Friday, May 6, 2016

Lincoln County to see more wind energy

By Will Bublitz

In the coming months, Lincoln County residents can expect to see even more of those giant wind energy towers rising above the prairie.

Last month, Xcel Energy and Vestas Wind Systems announced their plans to build Colorado’s biggest wind farm in the local area. This huge 300-tower project is expected to produce 600-megawatts of electrical power which is enough to power 180,000 homes.

Called the Rush Creek Wind Project, it is currently owned and being developed by Invenergy Wind Development LLC, a company headquartered in Chicago, Ill. Once completed, Xcel Energy will take over the ownership and operation of the new facility.

“The project will actually be two wind farms,” Krista Mann, Senior Business Development Manager for Invenergy. “One of the farms will be totally located in Elbert County. The second farm will be split between Lincoln, Cheyenne and Kit Carson counties.”

The wind farm in Elbert County, called Rush Creek I, is the larger of the two. It will consist of 200 wind turbines capable of producing 400 megawatts of power. It will be constructed south of Highway 24 in eastern Elbert County.

Rush Creek II, the smaller wind farm, will have 100 turbines capable of producing 200 megawatts of electricity. It will be located east of Hugo in the area where the three counties meet. How many of those 100 wind towers will be located in Lincoln County has not yet been determined.
The total area of the project is expected to be about 95,000 acres. The vast majority of this land is currently used for agriculture.


About 90 miles of transmission infrastructure will also have to be constructed to link the Rush Creek I and II wind farms to the Missile Site Substation owned by Public Service Company of Colorado north of Deer Trail in Arapahoe County.

Vestas Wind Systems, a partner in the Rush Creek project, is Denmark-based company and one of the largest wind turbine manufacturers in the world. It will be producing the towers, blades and nacelles needed for the project at its four factories in Colorado. Each of the Vestas wind turbines are capable of producing two megawatts of electricity.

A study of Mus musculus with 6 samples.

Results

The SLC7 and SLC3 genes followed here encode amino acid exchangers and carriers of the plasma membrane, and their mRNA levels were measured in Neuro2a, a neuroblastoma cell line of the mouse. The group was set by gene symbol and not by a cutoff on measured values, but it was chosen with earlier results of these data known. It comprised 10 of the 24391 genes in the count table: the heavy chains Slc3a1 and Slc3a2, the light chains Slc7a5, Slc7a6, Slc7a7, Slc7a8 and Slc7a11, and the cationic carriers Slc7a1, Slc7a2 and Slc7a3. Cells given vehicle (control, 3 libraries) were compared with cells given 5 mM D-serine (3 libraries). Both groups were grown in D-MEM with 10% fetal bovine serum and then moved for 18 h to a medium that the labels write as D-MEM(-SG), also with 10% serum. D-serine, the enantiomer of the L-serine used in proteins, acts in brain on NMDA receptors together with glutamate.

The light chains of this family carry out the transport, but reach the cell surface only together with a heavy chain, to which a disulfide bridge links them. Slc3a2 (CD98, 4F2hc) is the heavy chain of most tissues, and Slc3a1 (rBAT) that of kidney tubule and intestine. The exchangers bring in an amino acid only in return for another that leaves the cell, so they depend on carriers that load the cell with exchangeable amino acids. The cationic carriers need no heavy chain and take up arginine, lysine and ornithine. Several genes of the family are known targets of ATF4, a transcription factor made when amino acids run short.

Before construction can actually begin, approval for the project must be given by the Colorado Public Utilities Commission (PUC).

“The request for approval will be submitted this spring to the PUC,” Mann said. “Applications for building permits will also be submitted this spring to the various counties involved in the project.”
Mann said Invenergy hopes to begin construction in late 2016 or early 2017. The plan is to complete the project and begin generating electrical power in 2018.

Rush Creek is the latest wind energy project to be constructed in Lincoln County. Over the past five years, four other wind farms have been constructed within the county’s borders. Currently, 472 wind towers are operating in Lincoln County.

Colorado is one of the nation’s leaders in renewable energy. Currently, 14 percent of the state’s electricity is produced by wind turbines. A total of 1,880 wind towers have been erected and are generating power across the state.